June is designated as Pride Month to commemorate the anniversary of the Stonewall uprising of 1969, a major milestone in the gay rights movement and to celebrate people who identify as gay, lesbian, bisexual, transgender, and queer. More than 50 years later, LGBTQ rights are overwhelmingly popular with the American public.
According to PRRI’s 2020 American Values Atlas, a two-thirds majority of Americans (67%) favor allowing gay and lesbian couples to legally marry, while 27% of Americans oppose same-sex marriage. Attitudes on the subject have grown more supportive over time. Data from PRRI’s American Values Survey shows that nearly half of Americans (48%) supported LGBTQ marriage in 2011, and the 2017 American Values Atlas showed that this increased to 61% that year.
Majorities across the party spectrum support same-sex marriage. A slim majority of Republicans (51%) favor allowing gay and lesbian couples to legally marry, while more than four in ten Republicans (43%) oppose same-sex marriage. More than seven in ten independents (72%) and three in four Democrats (76%) support same-sex marriage.
Substantial majorities of liberals (81%) and moderates (72%) support same-sex marriage. Majorities of moderate Republicans (70%), moderate independents (74%), and moderate Democrats (73%) support same-sex marriage. Two-thirds of liberal Republicans (66%), 83% of liberal independents, and 84% of liberal Democrats also favor it.
A slim majority of conservatives (51%) support same-sex marriage, while more than four in ten (42%) oppose it. Among conservative Republicans, 45% support it, and more than half (51%) oppose it. Majorities of conservative independents (59%) and conservative Democrats (60%) support same-sex marriage.
The same patterns generally hold regarding support LGBTQ nondiscrimination protections.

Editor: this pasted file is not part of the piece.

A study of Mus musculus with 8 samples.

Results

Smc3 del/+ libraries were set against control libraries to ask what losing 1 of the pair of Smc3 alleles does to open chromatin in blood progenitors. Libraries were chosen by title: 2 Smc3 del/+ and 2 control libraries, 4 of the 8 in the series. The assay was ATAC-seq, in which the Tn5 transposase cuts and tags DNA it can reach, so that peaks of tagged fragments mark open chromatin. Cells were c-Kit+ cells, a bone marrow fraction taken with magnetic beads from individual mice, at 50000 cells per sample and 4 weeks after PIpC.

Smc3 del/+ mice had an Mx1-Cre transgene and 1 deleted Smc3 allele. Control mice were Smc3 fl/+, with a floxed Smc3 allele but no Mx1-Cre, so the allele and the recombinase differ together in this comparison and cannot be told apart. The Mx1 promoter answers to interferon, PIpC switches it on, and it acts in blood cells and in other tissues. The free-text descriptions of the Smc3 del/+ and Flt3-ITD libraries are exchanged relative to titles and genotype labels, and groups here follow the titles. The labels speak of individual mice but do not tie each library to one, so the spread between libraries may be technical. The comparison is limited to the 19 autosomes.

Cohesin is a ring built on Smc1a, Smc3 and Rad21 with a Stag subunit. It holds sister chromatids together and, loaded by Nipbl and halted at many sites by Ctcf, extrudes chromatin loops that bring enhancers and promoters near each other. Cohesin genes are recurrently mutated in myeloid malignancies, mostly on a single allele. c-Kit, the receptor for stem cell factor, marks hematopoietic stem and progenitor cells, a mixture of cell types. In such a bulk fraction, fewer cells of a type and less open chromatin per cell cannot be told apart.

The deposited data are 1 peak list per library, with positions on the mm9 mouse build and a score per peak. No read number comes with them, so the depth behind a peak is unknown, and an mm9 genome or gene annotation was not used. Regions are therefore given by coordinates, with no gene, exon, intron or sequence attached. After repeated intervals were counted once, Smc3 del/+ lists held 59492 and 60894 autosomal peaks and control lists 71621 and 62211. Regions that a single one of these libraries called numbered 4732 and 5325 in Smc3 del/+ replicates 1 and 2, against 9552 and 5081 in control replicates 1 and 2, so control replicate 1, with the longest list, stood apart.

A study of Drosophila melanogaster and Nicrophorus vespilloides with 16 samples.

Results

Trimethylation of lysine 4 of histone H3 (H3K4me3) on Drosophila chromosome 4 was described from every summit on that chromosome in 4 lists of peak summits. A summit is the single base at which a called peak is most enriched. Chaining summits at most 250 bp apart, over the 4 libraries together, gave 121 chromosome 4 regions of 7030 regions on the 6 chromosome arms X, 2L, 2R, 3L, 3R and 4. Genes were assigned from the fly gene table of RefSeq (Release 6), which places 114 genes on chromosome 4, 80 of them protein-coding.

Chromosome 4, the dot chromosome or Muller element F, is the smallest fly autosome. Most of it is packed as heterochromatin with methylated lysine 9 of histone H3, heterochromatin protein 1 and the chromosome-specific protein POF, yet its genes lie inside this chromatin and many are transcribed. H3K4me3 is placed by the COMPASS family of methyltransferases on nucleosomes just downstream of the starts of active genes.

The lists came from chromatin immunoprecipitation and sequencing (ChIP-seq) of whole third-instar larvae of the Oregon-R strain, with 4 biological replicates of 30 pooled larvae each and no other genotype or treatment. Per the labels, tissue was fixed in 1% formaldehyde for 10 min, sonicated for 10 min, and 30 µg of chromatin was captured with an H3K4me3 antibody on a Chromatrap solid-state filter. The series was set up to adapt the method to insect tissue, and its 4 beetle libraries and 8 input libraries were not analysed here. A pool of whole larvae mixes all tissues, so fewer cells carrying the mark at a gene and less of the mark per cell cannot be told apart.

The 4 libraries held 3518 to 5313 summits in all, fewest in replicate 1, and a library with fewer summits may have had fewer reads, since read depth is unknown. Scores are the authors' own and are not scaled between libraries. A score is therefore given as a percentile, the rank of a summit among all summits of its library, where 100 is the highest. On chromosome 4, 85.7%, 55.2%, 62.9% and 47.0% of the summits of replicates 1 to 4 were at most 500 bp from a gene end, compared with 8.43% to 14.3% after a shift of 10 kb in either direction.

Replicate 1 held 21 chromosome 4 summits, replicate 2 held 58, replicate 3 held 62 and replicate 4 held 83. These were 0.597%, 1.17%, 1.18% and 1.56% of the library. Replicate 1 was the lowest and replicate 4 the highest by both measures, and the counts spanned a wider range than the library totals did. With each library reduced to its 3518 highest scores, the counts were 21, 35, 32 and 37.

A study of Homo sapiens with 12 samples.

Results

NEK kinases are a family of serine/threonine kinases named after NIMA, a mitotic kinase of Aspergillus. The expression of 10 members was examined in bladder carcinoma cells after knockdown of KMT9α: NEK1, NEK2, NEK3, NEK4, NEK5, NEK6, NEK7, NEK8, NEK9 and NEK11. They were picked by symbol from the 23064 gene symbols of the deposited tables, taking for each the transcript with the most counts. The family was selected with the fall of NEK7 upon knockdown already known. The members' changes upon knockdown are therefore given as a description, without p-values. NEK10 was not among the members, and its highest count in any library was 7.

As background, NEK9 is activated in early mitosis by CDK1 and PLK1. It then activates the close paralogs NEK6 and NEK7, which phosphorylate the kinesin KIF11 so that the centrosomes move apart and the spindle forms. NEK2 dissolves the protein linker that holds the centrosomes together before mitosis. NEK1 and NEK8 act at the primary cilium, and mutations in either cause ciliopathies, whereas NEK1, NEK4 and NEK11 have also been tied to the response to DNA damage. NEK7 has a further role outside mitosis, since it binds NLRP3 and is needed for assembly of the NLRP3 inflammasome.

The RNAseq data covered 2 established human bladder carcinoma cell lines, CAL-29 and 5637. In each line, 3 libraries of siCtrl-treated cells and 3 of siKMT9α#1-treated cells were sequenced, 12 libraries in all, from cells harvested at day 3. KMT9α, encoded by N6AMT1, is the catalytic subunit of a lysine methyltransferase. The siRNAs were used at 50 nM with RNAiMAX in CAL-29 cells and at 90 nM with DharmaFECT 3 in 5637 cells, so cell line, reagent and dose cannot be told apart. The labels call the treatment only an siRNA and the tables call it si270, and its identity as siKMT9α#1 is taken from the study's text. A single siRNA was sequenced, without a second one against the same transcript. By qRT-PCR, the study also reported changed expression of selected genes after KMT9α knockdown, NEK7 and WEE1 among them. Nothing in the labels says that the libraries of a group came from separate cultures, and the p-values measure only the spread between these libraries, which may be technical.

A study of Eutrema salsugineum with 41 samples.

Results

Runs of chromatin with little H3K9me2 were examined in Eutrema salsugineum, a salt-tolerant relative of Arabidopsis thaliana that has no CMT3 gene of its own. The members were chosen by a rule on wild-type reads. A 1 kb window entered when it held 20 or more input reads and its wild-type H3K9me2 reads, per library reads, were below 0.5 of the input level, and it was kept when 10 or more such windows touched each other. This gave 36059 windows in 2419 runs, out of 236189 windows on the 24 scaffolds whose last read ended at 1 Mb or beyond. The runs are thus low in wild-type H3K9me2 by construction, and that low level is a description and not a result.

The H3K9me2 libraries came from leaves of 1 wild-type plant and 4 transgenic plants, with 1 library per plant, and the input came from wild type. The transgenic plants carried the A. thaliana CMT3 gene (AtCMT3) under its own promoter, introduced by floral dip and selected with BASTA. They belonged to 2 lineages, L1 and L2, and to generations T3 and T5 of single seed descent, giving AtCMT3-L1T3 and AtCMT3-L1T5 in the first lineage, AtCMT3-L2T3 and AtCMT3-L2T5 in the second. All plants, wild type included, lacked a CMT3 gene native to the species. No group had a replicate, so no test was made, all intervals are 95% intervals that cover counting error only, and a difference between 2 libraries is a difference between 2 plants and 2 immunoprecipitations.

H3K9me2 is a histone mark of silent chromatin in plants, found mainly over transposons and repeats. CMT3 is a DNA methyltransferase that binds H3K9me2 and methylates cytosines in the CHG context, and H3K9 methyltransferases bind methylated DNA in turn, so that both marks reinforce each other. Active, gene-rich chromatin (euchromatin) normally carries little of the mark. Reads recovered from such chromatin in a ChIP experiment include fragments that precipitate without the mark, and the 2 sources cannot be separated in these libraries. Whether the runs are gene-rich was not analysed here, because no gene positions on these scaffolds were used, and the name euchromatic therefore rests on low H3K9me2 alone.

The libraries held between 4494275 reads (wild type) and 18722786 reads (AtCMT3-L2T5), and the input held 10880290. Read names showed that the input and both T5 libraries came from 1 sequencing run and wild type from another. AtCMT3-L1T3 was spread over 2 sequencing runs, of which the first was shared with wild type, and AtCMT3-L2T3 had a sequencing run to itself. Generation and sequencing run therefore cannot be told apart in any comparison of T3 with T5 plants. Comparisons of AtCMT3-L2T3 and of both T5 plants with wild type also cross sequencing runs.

PRRI data shows that a substantial majority of Americans (76%) favor laws that would protect gay, lesbian, bisexual, and transgender people against discrimination in jobs, public accommodations, and housing. Nearly one in five Americans (19%) oppose these laws. Support for nondiscrimination laws has increased from seven in ten (70%) and 23% opposition in 2017.
Majorities of Republicans (62%), independents (78%), and Democrats (85%) support laws that protect LGBTQ citizens from discrimination. Three in ten Republicans (30%) oppose them, along with 18% of independents and 13% of Democrats who do not support anti-discrimination laws.
A majority of conservatives (64%) support nondiscrimination laws for LGBTQ people, along with overwhelming majorities of moderates (81%) and liberals (87%) who also favor them. Nearly one in three conservatives (29%) oppose these laws. Nearly one in five moderates (16%) and 11% of liberals also oppose them.
Among conservatives, nearly six in ten Republicans (59%) support the laws, while more than one-third (35%) do not. Nearly seven in ten conservative independents (69%) and nearly three in four conservative Democrats (73%) also support nondiscrimination laws.
Substantial majorities of moderates across the partisan spectrum support laws that would protect LGBTQ Americans. This is evident among moderate Republicans (75%), moderate independents (81%), and moderate Democrats (83%). A substantial majority of liberal Democrats (91%) support the laws, while 9% do not. Substantial majorities of liberal Republicans (73%) and liberal independents (86%) also favor anti-discrimination laws.